Tricky Treats: What to Do With Your Child's Leftover Halloween Candy Stash
If your child made out like a bandit on All Hallow's Eve, it's likely that they still have quite the stash of fun-sized (or even full-sized) candies in their buckets or sacks. While Americans over the age of 18 consume 65% of the candy produced each year, this holiday makes it more likely that your kiddo has a (not-so-)healthy supply of sweets left over. And although you wouldn't want to deprive them of enjoying their spoils, you might also worry about the consequences of granting them unlimited access to their stockpile of confections.
So what should you do with your child's Halloween candy after the jack-o'-lanterns have long since been carved and the costumes have been put away for another year?
Some parents choose to throw away every piece of candy after the holiday's over just to get it out of the house and reduce the clutter. After all, roughly one in five children between the ages of five and 11 has at least one untreated cavity. Since one in four kids between the ages of five and 17 has a vision problem already, many parents want to do what they can to avoid trips to both the eye doctor and the dentist. And despite the fact that Americans planned to spend $2.6 billion on candy this year, it's clear that there are a number of families who would rather their kids not eat what others have purchased.
However, some experts recommend that parents not be so quick to completely get rid of their child's stash. That can be a confusing experience for kids and give the impression that their parents don't trust them. If you still don't want the candy in the house, however, you should consider involving your child in some way. It's likely that there are several candy donation options available in your area, for one thing. Many dental care professionals (equating to roughly 3,000 practices nationwide) participate in Halloween candy buy-backs. In exchange for a pound of candy, your child will be given $1 and the candy will be donated to troops overseas. If you or your kiddo is one of the 4 million Americans wearing braces today or someone's due for a dentist appointment, this can be the perfect opportunity to feel good about giving back. You may also be able to donate the candy to charitable organizations, homeless shelters, food pantries, or nursing homes. These acts can also teach your child the importance of helping those in need. You could even use this as an opportunity to get your family more involved in volunteer work. Alternatively, some parents might switch their child's candy stash out for a toy or something else of value.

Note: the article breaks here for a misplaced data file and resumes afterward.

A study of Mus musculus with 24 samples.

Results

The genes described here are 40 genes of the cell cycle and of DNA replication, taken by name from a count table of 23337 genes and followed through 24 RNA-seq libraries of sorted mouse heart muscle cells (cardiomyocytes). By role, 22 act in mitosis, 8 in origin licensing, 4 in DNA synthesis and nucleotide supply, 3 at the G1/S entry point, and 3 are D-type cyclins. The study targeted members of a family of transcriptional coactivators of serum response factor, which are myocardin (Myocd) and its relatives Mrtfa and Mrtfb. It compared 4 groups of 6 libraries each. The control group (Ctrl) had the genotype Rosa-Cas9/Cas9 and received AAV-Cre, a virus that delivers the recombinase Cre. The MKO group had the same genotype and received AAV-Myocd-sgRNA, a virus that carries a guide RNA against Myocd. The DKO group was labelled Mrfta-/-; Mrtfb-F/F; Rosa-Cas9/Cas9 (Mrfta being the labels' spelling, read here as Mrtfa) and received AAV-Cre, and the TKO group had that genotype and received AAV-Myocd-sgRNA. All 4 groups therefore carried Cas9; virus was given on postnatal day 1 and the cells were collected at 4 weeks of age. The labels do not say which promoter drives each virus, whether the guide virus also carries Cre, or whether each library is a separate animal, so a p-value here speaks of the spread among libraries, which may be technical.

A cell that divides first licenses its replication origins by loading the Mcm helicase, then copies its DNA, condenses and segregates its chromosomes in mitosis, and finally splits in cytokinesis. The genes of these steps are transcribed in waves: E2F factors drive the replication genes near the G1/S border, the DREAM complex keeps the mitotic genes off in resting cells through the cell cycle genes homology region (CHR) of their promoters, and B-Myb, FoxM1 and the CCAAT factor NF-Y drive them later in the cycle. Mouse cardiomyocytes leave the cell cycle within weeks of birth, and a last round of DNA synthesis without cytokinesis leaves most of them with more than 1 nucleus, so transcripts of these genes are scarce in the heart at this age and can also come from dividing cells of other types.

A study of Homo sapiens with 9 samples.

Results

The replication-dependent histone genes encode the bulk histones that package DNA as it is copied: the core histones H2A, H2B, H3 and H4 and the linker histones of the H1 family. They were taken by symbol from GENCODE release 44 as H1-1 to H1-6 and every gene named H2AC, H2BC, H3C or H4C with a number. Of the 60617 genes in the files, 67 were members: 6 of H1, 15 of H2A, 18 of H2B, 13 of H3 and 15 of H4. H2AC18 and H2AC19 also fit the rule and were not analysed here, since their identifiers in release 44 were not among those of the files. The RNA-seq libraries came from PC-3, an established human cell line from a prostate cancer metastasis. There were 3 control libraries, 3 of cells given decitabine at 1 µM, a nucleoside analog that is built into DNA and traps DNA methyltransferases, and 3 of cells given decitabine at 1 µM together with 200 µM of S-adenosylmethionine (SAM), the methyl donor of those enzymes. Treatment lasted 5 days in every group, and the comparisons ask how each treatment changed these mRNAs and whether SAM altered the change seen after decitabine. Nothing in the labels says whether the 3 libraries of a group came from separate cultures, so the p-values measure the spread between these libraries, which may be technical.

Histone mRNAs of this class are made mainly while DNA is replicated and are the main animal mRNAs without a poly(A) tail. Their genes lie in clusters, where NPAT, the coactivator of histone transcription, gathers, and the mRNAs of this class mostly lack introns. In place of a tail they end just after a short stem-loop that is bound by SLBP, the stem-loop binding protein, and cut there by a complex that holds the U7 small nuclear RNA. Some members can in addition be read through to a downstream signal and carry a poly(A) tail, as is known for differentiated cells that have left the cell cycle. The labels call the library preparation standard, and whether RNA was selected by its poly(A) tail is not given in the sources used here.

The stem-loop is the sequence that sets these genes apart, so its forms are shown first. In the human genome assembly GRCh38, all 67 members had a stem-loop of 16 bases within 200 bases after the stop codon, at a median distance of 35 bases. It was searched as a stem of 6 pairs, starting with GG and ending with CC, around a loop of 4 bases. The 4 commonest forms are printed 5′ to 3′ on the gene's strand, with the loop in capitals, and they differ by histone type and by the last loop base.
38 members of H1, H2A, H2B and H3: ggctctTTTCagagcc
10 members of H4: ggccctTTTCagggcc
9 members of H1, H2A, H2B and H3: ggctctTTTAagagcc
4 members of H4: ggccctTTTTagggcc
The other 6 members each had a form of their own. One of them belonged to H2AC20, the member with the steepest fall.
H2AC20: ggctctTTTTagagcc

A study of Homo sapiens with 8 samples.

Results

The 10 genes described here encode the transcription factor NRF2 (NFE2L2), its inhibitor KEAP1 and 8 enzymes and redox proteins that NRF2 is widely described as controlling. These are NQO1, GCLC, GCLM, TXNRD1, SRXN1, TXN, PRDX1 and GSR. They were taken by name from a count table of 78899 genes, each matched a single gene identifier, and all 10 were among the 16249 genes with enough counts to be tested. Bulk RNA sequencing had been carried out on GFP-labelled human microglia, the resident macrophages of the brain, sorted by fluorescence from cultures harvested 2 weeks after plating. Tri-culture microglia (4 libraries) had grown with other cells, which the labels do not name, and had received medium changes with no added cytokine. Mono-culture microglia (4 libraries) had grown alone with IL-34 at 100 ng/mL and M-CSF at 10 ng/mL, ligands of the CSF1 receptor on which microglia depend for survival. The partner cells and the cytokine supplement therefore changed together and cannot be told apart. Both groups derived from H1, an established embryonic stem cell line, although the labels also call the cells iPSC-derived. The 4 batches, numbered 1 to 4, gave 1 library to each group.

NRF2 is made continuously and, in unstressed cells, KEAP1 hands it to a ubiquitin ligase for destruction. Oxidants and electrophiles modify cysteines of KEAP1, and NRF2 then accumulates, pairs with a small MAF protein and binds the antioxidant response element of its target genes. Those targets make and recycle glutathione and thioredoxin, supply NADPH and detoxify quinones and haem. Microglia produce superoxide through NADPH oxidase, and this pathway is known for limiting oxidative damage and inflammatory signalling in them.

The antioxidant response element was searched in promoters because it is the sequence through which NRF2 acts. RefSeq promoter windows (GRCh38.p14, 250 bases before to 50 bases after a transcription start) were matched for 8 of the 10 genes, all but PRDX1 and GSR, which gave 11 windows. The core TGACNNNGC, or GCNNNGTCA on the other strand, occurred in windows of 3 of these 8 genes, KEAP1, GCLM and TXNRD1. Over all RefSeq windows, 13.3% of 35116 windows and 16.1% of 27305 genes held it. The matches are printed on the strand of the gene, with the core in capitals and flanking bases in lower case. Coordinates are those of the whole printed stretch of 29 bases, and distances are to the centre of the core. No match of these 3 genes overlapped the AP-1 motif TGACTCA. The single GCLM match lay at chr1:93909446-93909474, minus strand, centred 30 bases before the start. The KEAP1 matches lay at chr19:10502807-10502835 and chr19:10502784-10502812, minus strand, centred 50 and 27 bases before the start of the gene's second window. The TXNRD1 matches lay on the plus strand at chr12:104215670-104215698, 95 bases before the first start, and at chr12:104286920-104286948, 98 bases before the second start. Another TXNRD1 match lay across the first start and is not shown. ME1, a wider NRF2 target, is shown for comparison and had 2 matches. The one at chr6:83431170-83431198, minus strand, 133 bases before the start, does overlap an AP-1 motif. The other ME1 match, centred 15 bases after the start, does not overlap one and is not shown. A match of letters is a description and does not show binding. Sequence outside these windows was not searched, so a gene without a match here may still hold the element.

But, of course, there's nothing that says you have to get rid of their candy at all. Some dietitians and even dentists will say that there's nothing inherently wrong with letting your child savor these sweets -- as long as it's in moderation. Although the average child under age 12 eats an astounding 50 pounds of sugar each year -- double the recommended amount -- most health professionals are fine with children having a couple of pieces every day or so. It's the binges that can do the most harm.
Dr. Kevin J. Donly, President of the American Academy of Pediatric Dentistry, told NBC News: "Frequency of exposure to sugar is a big factor [in pediatric dental health], so we recommend that access to Halloween candy be limited and parents give their children the candy when the teeth can be brushed afterwards with a fluoridated toothpaste."
Nutritionists also say that allowing kids to make choices about the types of candy they really like can be more empowering than making the decision for them. Rather than depriving them of the candy they spent time gathering (and perhaps making it more likely for them to go overboard when they do have access to the sweet stuff), come up with compromises that allow your child to enjoy their favorites over time and in reasonable ways. Involve your child in making a plan that makes sense for everyone, like picking out a couple pieces to have after dinner or including one piece in their packed lunch every day. This can help to lay the foundation for a healthy lifestyle later in life, as it's not equating candy with being "bad" but is still promoting good nutritional habits.
It's ultimately up to each individual family to decide what's best when tackling the Halloween candy issue. But with these ideas in mind, this doesn't have to be a scary problem; instead, it can be an opportunity to communicate, to teach, and to bond. What could be sweeter than that?